A group of Boone County residents filed legal action Tuesday against the city of Lebanon, accusing the municipality of violating state and local zoning law when it annexed 5,200 acres of land and created a new zoning district for a manufacturing and tech hub.
The 11 property owners filed a complaint for judicial relief asking a Boone Circuit Court judge to throw out two city ordinances.
In December, the Lebanon City Council approved the creation of the LEAP zoning district and a request for voluntary annexation from 43 landowners in Boone County and the Indiana Economic Development Corp. LEAP is short for Limitless Exploration/Advanced Pace.
In their written complaint, the Boone County residents say the zoning district violates state law because the annexed land was not included in the city’s comprehensive plan, which was passed in 2020.
They also accuse the city of not following its own zoning ordinance that requires petitions for annexation to include a concept plan if the land is to be zoned as anything other than single-family residential.
“In fact, thousands of acres were classified into the new LEAP (LP) District without even the most basic requirements,” the complaint reads.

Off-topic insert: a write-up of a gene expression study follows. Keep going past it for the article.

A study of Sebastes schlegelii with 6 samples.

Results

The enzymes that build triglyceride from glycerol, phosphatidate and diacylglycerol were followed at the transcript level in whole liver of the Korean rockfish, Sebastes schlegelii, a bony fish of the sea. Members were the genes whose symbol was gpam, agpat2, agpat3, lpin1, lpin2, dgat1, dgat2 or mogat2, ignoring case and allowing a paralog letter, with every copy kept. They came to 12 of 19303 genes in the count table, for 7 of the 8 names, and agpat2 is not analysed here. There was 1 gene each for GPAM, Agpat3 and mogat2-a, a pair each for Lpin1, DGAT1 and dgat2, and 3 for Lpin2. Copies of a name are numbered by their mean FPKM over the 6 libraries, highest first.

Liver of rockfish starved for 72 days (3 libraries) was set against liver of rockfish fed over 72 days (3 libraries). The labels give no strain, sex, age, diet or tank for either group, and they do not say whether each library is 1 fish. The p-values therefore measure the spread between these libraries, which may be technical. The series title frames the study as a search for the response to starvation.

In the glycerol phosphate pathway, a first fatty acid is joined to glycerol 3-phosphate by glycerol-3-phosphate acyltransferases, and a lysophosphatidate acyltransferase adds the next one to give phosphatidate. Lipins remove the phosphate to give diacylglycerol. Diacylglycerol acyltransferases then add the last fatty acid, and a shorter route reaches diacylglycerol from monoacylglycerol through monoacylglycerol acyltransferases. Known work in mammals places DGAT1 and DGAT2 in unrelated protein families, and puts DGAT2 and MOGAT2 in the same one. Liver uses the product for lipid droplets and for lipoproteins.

The plaintiffs are all interested parties who received notices for public hearings regarding the proposed zoning classification and annexation, their attorney said.
The IEDC began working with a third-party company as early as November 2021 to purchase land for a planned 11,000-acre innovation district in Boone County, a project state officials have likened to The Research Triangle in North Carolina. In May, Eli Lilly and Co. committed $2 billion to construct two manufacturing plants on 600 acres east of Interstate 65, a project expected to bring 500 jobs, the company said.
The project has faced backlash from longtime residents concerned with the loss of farmland, the project’s impact on water resources and a perceived lack of transparency from the state’s job-creation agency.
Lebanon Mayor Matt Gentry said he is confident the city will prevail in a court of law.
“We did everything by the book,” Gentry told Indianapolis Business Journal. “I think it’s a situation where residents are trying to use every avenue available to them to stop this.”
The residents are being represented by Michael Andreoli, an attorney in Zionsville.